Sr. Fintech Consultant, BTC, Blockchain, Cybersecurity, Artificial Intelligence
Currently, there’s approximately 18 million Bitcoin in circulation out of a total of 21 million. But, thanks to the halving protocol, this limit won’t be reached in the near future. Satoshi Nakamoto programmed the Bitcoin network protocol so that a halving would take place every four years, or every 210,000 blocks, and cut miner's rewards in half. The idea being that this makes producing more coins more difficult.
This may seem counterintuitive, as miners are incentivized by the rewards. As Edith Muthoni, chief editor at Learnbonds.com told Coinrivet:
“This brings us into a seeming conundrum: if miners will no longer receive block rewards (or too little), will they continue mining? What will be their motivation to stay on? What does this mean for the network and Bitcoin?”
Once upon a time, people at home could make some money from Bitcoin mining, but that ended some time ago. However, as we approach this halving, there is a serious question to be answered about how the medium and large-sized mining operations will fare.
There’s fewer than three million Bitcoin left to mine, and the hash rate is hitting all-time highs. Given the cutting of rewards, it would seem that the effect on mining at least would be negative. Steve Tsou, CEO of RRMine, a Bitcoin cloud mining operation has a gloomy view:
“The halving in 2020 will have great impacts on Bitcoin miners: 1) Miners with low mining efficiency will be forced to pause and re-evaluate their business operations. 2) Digital mining is becoming the racetrack for giant international companies because they have more advanced machines and cheaper sources of electricity.”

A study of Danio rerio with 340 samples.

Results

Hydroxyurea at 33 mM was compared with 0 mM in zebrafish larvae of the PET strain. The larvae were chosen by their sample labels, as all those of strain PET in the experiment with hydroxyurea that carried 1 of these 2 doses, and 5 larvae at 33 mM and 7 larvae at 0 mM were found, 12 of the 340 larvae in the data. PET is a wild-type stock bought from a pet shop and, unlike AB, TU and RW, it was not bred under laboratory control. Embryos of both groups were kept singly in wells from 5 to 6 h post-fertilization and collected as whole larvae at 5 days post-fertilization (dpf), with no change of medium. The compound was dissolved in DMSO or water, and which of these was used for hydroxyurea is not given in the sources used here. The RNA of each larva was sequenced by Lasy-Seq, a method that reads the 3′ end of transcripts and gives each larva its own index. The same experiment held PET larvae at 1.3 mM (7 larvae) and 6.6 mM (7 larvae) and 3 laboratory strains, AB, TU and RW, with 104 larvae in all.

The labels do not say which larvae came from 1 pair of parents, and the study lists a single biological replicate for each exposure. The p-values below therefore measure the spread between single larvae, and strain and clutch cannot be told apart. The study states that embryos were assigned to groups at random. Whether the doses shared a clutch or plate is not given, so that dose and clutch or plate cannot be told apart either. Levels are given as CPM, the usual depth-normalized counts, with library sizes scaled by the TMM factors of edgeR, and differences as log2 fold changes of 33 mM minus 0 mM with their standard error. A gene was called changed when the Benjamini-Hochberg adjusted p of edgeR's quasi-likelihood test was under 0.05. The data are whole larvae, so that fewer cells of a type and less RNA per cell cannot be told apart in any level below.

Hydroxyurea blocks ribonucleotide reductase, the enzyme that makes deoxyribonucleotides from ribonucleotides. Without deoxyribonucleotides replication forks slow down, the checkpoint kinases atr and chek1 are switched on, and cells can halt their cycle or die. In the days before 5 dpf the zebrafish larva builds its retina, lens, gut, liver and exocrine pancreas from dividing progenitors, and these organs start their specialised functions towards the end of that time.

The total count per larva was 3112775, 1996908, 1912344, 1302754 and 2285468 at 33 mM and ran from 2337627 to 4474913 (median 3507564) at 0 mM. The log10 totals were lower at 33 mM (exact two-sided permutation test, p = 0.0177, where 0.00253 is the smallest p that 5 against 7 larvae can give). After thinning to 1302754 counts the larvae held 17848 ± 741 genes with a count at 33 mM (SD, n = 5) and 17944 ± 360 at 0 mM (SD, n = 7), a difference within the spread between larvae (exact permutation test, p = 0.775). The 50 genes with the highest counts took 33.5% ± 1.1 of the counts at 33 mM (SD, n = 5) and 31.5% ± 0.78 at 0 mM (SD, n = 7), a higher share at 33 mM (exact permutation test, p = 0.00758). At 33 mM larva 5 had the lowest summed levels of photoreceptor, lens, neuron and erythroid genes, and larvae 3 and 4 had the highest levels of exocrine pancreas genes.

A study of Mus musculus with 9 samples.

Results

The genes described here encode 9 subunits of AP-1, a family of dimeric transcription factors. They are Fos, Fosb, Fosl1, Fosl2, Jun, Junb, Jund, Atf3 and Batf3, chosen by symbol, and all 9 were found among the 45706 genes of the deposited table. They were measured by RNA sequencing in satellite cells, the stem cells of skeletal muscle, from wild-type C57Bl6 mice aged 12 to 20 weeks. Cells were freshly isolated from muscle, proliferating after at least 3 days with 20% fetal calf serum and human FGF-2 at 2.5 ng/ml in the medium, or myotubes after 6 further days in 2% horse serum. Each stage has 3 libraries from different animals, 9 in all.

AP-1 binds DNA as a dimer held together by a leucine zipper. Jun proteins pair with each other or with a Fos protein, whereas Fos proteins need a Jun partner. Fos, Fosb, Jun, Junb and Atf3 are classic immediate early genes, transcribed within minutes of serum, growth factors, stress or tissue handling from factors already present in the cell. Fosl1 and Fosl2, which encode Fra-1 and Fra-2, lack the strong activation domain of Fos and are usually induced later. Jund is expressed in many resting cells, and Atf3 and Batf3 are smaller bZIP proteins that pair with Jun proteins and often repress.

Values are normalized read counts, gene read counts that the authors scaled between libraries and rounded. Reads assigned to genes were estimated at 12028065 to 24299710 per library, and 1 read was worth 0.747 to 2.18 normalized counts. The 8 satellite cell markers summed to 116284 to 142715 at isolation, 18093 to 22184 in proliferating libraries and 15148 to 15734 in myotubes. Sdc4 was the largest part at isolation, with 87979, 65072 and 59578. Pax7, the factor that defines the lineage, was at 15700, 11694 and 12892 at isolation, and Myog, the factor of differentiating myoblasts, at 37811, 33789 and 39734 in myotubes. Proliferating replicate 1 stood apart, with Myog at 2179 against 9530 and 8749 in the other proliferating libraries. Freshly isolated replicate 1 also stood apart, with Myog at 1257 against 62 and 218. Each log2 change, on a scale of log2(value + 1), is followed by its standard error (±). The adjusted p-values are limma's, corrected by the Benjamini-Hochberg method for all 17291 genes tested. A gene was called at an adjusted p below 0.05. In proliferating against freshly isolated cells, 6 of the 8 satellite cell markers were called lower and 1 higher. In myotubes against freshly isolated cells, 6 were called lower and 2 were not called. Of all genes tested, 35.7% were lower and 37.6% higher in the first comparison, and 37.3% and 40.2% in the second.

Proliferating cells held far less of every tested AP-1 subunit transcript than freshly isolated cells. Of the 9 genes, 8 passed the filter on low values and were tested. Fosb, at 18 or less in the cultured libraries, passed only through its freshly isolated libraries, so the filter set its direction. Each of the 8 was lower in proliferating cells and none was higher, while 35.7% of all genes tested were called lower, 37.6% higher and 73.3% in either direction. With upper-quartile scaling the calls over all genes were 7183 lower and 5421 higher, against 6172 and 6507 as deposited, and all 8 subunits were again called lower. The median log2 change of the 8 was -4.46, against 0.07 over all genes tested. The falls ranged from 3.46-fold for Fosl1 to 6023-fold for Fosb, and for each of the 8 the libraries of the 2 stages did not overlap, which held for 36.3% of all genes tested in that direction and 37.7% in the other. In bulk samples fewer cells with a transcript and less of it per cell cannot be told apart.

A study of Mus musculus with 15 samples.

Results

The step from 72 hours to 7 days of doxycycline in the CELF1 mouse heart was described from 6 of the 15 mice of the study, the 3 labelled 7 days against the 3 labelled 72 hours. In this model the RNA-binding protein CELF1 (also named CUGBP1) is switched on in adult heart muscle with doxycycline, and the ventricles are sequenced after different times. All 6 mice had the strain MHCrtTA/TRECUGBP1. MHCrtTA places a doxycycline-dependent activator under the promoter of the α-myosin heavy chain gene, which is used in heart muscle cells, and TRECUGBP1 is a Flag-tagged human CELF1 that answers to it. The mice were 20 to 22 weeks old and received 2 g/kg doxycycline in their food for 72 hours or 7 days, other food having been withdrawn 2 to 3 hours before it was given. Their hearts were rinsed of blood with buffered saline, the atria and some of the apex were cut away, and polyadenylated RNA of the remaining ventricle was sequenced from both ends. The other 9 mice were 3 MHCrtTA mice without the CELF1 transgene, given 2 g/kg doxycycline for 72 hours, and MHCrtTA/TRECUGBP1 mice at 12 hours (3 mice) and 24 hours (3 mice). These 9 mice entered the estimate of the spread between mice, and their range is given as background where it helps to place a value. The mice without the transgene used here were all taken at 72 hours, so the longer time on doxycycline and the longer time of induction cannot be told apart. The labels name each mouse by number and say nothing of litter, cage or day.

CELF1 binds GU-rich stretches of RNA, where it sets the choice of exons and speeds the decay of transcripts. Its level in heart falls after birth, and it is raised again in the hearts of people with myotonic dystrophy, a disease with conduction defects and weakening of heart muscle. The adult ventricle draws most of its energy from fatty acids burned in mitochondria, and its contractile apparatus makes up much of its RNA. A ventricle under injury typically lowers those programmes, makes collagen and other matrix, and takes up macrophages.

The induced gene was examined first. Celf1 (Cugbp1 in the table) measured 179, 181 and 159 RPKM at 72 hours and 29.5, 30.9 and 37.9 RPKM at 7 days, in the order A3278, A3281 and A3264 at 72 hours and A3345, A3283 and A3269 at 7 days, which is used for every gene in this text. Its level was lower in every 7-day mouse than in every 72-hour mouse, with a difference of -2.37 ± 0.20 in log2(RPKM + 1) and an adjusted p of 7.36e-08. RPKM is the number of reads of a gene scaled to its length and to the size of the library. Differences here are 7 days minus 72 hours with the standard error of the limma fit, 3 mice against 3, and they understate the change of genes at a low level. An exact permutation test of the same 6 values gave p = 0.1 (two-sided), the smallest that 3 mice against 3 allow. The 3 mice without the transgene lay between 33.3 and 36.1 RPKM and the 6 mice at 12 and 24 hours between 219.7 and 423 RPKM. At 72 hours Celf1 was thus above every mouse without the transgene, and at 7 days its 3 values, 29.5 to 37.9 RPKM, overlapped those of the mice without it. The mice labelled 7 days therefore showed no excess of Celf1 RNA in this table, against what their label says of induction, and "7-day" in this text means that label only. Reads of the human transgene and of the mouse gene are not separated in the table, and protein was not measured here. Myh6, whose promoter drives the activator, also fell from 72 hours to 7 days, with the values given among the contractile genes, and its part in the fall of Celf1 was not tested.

Tsou’s sentiments are echoed by a number of others in the sector, including Alex Lam, one of China’s most prolific miners and CEO of RockX digital assets. He said,
“The next Bitcoin halving is likely to result in mining profitability decreasing significantly in the short term.”
However, depending on the price of Bitcoin on 8th May, miners’ profitability may not be so dramatically affected, at least in the short term. If the Bitcoin price rises substantially afterward, then miners may be able to sustain their profits. A price fall, on the other hand, could see some go out of business.
Unless you are a miner, how many Bitcoin owners can honestly say that they are concerned about the impact on mining. What they want to know is the halving’s impact on price.
This is not the first time that a halving has occurred. The BTC price stood at $12 when the mining reward was first cut in November 2012, and stood at $652 at the time of the second halving in July 2016. Of course, as you remember, the following year brought us that sensational bull run, driving Bitcoin to $20,000. Weiss Ratings, which analyses the impact of halving’s on price, said: “So, does the Bitcoin halving help drive prices higher? Absolutely. The only question now is how high will #BTC go this time around?”
Jimmy Nguyen, president of the Bitcoin Association commented:
“Some people expect the coin price to magically increase before the halving and help cover the 50% fewer coins. Even if there is some price increase, it is doubtful coin prices will double from now through April or May 2020. So mining will most likely be less profitable after the halving than it currently is.”
Ultimately, what we are likely to see when the Bitcoin halving happens is this: it will have a major impact on mining in the short and long term. Furthermore, we’ll see smaller, less sustainable operations give way to larger mining farms with access to low-cost energy.
Miners, like Bitcoin owners, will be hoping for a hike in the Bitcoin price, because that is the key to ensuring profitable mining, as well as profits for investors.